16th August 2016
As full-time education is only free until your 19th birthday, it?s imperative that young adults and their parents weigh up all the options after GCSEs. A rash decision to simply stay on at your school sixth form could be very costly.
After completing GCSEs at school, Emily Wood from Havering, London, did one year at sixth form and studied for three AS Levels. She only passed her English AS Level and failed the other two.
Emily had already started to realise by the December that she was going to fail two of them. The key reason was that Emily struggles with exams, whereas she passed the English AS Level, as it was more coursework based.Legal PA with Distinction
So, having completed just one year at sixth form, Emily decided that she would go to college to study a vocational technical course. She chose the Legal Secretarial course at Barking & Dagenham College and hasn’t looked back; she completed Levels 2 and 3 of the course over two years, gaining a Distinction in both.
Whilst at College, the staff helped Emily to arrange work experience with Freshfields, Bruckhaus Deringer, a top Legal firm in London and she is delighted she chose this route."Opportunities"
Her mum Jo Wood’s advice to other parents/carers of Year 11s is:
“Have a look around and look at every avenue and see what is best for your child. Every student is an individual (which I have found after having three children, who are all very different). I am so glad that Emily decided to do the vocational course at Barking & Dagenham College, which was much better for her learning.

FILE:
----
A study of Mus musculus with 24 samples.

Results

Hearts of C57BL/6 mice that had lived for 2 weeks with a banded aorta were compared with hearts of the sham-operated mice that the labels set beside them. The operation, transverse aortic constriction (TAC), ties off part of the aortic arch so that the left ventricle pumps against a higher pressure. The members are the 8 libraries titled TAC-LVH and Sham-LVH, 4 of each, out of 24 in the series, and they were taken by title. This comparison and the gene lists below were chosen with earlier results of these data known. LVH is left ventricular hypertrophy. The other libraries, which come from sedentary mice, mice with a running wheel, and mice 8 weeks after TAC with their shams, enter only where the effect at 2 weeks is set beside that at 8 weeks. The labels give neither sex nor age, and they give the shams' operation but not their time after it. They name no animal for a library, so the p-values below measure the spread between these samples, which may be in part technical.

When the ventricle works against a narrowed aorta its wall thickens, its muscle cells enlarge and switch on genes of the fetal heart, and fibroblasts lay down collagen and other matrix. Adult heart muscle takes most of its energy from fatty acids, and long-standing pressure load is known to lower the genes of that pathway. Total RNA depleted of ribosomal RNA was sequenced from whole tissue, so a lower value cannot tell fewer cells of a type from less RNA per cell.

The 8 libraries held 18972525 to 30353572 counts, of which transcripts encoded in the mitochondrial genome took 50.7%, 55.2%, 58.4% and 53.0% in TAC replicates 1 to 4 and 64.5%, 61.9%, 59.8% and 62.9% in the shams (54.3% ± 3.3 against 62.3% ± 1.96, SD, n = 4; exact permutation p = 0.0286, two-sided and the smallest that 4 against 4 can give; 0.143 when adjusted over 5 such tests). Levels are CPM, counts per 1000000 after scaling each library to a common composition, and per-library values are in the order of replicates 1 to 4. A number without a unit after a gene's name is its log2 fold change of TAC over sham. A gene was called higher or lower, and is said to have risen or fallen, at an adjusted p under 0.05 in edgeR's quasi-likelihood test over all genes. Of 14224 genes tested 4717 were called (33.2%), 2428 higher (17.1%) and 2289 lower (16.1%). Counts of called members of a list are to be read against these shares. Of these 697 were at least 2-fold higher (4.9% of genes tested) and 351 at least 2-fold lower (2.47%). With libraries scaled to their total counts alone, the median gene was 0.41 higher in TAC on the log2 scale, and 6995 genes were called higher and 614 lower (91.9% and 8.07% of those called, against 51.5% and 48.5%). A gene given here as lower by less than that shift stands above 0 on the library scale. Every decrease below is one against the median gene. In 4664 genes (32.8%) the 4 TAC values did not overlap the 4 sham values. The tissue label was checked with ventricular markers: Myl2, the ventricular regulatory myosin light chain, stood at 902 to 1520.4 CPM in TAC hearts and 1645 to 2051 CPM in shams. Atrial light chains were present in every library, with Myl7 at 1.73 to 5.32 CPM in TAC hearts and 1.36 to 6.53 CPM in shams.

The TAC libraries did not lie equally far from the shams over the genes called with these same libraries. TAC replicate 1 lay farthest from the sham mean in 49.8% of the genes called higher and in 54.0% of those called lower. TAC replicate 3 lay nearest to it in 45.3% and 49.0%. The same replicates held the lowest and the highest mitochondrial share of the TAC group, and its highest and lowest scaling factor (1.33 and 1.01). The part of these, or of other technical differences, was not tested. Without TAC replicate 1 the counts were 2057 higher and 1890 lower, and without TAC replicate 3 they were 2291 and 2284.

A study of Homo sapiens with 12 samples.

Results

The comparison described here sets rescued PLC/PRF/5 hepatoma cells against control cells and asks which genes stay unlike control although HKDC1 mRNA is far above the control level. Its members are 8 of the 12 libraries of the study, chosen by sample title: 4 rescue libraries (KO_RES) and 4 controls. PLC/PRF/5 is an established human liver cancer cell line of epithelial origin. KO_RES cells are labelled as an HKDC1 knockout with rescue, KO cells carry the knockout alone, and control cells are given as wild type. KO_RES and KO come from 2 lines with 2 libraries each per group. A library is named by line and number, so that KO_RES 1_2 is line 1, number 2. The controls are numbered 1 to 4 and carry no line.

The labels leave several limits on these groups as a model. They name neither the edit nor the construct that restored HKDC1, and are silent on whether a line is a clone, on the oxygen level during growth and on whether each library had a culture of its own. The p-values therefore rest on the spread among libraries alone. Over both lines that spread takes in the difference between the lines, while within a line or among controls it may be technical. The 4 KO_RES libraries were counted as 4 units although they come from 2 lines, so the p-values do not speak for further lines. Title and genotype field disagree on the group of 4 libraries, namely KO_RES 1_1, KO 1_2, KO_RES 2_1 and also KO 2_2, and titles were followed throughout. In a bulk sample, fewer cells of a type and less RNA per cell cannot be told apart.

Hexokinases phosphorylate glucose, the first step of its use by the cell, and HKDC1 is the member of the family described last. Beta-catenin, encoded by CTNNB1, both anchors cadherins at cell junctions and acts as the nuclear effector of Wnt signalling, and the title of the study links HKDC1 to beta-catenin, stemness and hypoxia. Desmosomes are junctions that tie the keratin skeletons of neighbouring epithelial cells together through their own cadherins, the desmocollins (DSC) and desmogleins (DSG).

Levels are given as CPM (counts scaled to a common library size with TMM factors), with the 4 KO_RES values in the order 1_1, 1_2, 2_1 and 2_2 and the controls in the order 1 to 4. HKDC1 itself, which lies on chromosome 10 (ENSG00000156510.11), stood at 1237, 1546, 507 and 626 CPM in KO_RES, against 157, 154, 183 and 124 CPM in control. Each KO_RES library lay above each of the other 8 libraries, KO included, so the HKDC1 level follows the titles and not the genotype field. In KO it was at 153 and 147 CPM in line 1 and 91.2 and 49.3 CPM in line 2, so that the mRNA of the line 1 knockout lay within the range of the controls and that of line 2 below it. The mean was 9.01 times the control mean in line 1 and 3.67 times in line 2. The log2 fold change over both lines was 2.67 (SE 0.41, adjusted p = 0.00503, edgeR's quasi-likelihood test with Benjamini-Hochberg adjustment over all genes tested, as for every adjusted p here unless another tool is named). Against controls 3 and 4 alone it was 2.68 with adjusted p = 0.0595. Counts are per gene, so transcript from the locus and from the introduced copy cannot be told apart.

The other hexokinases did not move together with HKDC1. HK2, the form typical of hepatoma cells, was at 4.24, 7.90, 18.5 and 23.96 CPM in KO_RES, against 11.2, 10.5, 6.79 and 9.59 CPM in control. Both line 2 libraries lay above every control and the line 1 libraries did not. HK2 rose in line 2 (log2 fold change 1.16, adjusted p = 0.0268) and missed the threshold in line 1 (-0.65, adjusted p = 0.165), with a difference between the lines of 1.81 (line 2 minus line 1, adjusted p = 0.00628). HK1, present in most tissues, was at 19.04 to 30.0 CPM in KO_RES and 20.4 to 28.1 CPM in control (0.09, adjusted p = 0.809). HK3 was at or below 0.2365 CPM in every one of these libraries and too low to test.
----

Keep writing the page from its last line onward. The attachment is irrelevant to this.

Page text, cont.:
“She had a lot of opportunities in the College and I cannot speak highly enough of how Emily enjoyed the courses and the opportunities she was given there.
“I am a very proud mum.”
Elaine Smart, Emily’s Personal Coach at the College comments:
“Once Emily had decided to change to a vocational course, which suited her more, she did really well in her studies.
“I know a bright future awaits her.”
Emily is now seeking employment and is hoping to go back to the company that she did her work experience with.
Julie Maling, Tutorial, Careers & Parental Involvement Manager Barking & Dagenham College, says:
“Full-time education is completely free if you are aged 19 and under (on the 31st August 2016), after that you will have to pay; so, it’s essential that if you think you have made a mistake by starting A-levels, for example, that you seek advice and possibly change to a more suitable vocational technical study programme whilst you are still eligible to receive funding from the Government.
"Remember there are a range of choices and routes available that will ensure that you gain a recognised qualification that leads to employment or progression into higher education".